Electronic pill can relay diagnostic information or release drugs
Researchers have designed an ingestible capsule that can be controlled using Bluetooth wireless technology. The capsule, which can be customized to deliver drugs, sense environmental conditions, or both, can reside in the stomach for at least a month, transmitting information and responding to instructions from a user's smartphone.
3D printing cells to produce human tissue
With today's technology, we can 3-D-print sculptures, mechanical parts, prosthetics, even guns and food. But a team of biomedical engineers have developed a method to 3-D-print cells to produce human tissue such as ligaments and tendons, a process that will greatly improve a patient's recovery.
Wearables powered by body movements
A wearable energy-harvesting device could generate energy from the swing of an arm while walking or jogging, according to a team of researchers. The device, about the size of a wristwatch, produces enough power to run a personal health monitoring system.
Bioengineered robotic hand with its own nervous system senses touch
Why not make a prosthesis that can actually "feel" its environment?
Vertical axis wind turbines can offer cheaper electricity
A vertical axis wind turbine is a wind turbine design where the generator is vertically oriented in the tower, rather than sitting horizontally on top.
Non-toxic material that generates electricity through hot and cold
Thanks to the discovery of a new material, jewelry such as a ring and your body heat could generate enough electricity to power a body sensor, or a cooking pan could charge a cellphone in just a few hours.
Stabilising energy storage
Because the sun doesn't always shine, solar utilities need a way to store extra charge for a rainy day. The same goes for wind power facilities, since the wind doesn't always blow. To take full advantage of renewable energy, electrical grids need large batteries that can store the power coming from wind and solar installations until it is needed.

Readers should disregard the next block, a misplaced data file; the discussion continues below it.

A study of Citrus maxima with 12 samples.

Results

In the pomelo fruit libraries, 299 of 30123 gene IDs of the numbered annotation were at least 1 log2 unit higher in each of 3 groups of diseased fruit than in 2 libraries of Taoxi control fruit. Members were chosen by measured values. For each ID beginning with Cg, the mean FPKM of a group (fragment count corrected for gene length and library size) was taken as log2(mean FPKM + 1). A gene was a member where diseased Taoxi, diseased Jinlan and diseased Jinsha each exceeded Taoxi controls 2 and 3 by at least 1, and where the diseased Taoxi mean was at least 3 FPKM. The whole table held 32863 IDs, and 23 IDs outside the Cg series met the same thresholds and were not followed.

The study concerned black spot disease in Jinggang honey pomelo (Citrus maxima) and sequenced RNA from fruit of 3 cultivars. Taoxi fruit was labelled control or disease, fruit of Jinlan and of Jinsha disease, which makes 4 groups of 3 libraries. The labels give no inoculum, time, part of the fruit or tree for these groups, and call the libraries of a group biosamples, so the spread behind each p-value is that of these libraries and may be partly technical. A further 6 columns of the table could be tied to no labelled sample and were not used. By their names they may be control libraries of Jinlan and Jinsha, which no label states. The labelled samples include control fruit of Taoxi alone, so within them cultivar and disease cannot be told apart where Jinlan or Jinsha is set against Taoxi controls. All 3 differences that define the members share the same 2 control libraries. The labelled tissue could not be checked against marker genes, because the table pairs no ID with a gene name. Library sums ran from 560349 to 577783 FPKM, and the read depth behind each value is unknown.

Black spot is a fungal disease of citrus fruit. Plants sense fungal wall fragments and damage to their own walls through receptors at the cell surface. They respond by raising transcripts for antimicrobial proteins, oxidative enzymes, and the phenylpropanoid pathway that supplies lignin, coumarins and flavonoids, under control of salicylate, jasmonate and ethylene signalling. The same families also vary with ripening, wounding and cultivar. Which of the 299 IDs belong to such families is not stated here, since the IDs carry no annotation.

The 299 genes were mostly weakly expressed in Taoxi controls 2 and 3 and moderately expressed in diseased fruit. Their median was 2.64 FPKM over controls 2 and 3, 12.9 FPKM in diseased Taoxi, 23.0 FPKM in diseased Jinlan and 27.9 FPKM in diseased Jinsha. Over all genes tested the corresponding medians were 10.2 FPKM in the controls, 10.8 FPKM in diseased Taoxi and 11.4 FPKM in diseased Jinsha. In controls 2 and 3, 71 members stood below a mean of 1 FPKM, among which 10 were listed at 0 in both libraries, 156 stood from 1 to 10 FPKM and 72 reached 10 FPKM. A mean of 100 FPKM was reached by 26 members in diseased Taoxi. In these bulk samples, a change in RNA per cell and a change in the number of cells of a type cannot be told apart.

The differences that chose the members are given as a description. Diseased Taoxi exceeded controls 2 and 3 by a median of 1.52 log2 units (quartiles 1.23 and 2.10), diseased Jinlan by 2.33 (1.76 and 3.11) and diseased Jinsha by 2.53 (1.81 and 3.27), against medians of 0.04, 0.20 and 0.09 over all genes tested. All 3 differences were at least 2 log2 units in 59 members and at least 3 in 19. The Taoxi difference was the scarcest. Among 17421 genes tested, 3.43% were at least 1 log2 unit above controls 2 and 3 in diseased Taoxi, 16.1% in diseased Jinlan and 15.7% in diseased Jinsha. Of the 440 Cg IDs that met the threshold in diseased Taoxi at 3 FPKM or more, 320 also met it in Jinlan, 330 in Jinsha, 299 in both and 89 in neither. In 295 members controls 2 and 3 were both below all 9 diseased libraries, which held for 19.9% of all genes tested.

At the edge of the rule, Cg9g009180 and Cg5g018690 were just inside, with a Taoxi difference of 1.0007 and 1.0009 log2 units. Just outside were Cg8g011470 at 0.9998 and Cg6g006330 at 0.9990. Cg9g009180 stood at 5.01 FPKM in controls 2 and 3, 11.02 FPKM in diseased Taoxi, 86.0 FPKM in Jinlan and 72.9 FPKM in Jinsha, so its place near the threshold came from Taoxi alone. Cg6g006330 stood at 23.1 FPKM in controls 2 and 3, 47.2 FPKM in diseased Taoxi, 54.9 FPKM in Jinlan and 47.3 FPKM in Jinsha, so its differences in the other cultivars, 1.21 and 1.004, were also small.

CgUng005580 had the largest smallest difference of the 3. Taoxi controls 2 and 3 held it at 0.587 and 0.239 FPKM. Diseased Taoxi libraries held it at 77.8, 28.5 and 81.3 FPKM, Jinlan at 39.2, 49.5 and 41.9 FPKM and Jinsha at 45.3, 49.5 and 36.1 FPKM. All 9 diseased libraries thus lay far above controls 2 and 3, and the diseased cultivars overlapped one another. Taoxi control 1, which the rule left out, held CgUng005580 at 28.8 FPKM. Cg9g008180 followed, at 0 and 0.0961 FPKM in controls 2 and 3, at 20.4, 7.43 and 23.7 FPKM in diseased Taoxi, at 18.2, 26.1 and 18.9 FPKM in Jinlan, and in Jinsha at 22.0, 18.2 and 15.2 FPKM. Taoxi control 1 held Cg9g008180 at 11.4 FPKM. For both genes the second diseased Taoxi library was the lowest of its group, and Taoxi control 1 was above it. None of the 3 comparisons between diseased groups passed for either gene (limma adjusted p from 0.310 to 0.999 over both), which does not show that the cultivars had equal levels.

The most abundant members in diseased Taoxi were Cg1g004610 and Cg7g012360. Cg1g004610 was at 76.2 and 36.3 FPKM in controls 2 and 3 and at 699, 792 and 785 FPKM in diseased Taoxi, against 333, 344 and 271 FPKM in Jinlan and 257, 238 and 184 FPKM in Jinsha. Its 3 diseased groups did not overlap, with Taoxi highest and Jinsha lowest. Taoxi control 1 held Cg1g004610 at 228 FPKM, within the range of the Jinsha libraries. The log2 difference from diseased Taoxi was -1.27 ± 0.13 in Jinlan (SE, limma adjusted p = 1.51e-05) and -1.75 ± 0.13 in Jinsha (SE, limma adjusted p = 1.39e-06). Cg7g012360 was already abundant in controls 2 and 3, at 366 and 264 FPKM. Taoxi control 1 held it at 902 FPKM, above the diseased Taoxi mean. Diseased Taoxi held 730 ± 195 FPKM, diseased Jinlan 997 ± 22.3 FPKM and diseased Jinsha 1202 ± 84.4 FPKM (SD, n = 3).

Smart glasses that focus automatically
The days of wearing bifocals or constantly swapping out reading glasses might soon come to an end.
David Pugh interviewed Angela Mitcham, Business Development and Partnerships manager at Vaporsens, an exciting startup based on nanofibre sensors for detection of over 30 compounds of interest, primarily for the security industry.
Turnable, twistable robots
Forget steel and aluminum. The robots of tomorrow may be able to squish, stretch and squeeze.
Tiny, sound-powered chip to serve as medical device
Engineers are developing a way to send power - safely and wirelessly - to smart chips programmed to perform medical tasks and report back the results.
New optical element sorts sunlight for solar cell efficiency
Electrical engineers have designed a thin layer made of a transparent plastic or glass that sorts and concentrates sunlight to boost the overall efficiency of solar cells by up to 50 percent.